Nissan tests auto paint on darkest days of the year
A Nissan engineer uses an Ametek Atlas Ci-4000 Xenon Weather-Ometer (XWO) tool to simulate sunlight on paint samples.
Courtesy of Nissan

Nissan tests auto paint on darkest days of the year

Ametek Atlas Xenon Weather-Ometer (XWO) tool simulates sunshine for continuous coatings tests in a lab environment.

Edited by Robert Schoenberger

Farmington Hills, Michigan – On the darkest day of the year Nissan engineers in Michigan are still performing sunlight ultraviolet (UV) exposure tests thanks to the Xenon Weather-Ometer (XWO) tool made by Ametek subsidiary Atlas. The machine evaluates material durability in different climate conditions.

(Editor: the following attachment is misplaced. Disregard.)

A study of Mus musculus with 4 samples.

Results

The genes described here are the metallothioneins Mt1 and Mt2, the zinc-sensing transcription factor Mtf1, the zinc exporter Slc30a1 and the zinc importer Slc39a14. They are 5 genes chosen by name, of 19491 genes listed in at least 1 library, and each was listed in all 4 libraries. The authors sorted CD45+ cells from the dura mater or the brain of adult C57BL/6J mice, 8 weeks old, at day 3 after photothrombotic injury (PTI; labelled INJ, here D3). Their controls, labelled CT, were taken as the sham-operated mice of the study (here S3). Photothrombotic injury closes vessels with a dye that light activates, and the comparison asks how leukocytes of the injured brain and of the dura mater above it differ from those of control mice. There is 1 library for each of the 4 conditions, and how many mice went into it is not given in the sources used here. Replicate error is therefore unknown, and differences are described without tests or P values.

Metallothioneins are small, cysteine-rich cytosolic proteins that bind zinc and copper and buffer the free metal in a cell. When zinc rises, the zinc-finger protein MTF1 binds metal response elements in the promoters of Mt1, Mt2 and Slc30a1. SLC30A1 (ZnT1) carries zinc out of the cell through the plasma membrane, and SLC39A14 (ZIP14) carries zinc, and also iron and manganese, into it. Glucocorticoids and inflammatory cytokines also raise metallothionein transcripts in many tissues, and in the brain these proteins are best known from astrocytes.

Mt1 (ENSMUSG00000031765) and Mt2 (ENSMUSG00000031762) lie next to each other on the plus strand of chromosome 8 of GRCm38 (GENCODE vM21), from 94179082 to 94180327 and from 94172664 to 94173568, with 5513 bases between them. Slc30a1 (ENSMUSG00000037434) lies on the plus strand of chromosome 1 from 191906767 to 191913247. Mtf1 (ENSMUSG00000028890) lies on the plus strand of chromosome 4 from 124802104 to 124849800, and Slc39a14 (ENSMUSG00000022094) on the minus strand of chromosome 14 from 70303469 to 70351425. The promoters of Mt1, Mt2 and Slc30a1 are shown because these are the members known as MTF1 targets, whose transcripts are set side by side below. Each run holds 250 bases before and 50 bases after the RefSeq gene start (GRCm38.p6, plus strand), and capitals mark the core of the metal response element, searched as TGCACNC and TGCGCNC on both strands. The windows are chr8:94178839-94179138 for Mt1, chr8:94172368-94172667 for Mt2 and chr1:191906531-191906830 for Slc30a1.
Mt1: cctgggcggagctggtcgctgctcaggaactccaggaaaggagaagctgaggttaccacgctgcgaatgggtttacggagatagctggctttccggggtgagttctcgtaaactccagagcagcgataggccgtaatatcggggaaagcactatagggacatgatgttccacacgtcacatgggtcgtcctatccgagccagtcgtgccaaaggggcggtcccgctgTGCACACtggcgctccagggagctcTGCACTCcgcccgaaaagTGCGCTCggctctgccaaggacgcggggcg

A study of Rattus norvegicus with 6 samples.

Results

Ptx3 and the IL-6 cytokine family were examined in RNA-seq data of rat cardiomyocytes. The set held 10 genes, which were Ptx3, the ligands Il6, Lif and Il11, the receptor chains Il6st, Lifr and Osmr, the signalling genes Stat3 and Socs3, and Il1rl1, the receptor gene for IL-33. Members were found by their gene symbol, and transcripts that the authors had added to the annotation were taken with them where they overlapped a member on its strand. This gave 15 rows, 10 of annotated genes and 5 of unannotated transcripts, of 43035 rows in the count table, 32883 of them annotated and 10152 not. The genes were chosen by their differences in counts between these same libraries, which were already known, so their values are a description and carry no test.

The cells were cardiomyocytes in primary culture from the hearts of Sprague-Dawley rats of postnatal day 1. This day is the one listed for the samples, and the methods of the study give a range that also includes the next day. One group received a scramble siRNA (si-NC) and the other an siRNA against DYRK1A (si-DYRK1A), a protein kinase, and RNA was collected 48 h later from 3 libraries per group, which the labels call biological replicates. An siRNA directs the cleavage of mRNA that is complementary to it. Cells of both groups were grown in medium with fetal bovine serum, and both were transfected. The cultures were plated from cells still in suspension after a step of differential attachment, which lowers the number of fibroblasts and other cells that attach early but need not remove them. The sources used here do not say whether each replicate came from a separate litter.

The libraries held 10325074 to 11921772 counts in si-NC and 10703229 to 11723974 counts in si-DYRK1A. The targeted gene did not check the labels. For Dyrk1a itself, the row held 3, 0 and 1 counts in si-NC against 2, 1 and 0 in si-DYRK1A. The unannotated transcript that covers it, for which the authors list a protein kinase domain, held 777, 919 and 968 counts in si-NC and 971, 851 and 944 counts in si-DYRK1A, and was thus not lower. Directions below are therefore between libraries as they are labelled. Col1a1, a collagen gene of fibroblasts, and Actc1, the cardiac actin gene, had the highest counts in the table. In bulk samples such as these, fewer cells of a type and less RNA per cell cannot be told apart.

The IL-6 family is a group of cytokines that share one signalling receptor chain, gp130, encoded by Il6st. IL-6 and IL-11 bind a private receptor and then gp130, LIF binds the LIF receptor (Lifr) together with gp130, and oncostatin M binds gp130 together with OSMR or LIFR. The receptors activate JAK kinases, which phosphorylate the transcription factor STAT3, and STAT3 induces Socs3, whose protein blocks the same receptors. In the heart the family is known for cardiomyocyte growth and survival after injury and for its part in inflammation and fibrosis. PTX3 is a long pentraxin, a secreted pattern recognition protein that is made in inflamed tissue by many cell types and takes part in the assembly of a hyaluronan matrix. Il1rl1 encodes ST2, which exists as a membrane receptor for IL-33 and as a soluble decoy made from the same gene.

To evaluate the effects of solar energy on paint and other materials, a 4,000W Xenon bulb bakes nearly 100 samples at the same wavelengths as the sun. Samples rotate around the Xenon bulb to imitate earth's orbit – and because the sun can shine 24 hours a day, it takes half the time to test paint samples.

Engineers observe the material samples through a series of cycles to investigate changes and ensure top durability and quality for Nissan customers.

“In addition to rigorous real-world tests, this tool allows us to create harsh environments,” said Doug Prytula, technician, body and chassis testing, Nissan North America. "It is one more step we take to ensure Nissan's quality standards are second-to-none."

Nissan uses test environments such as the XWO accelerated weather chamber to replicate conditions that occur in a natural environment, right inside the lab. These test cells expose various types of material samples to a wide range of conditions that a vehicle may face throughout its lifecycle.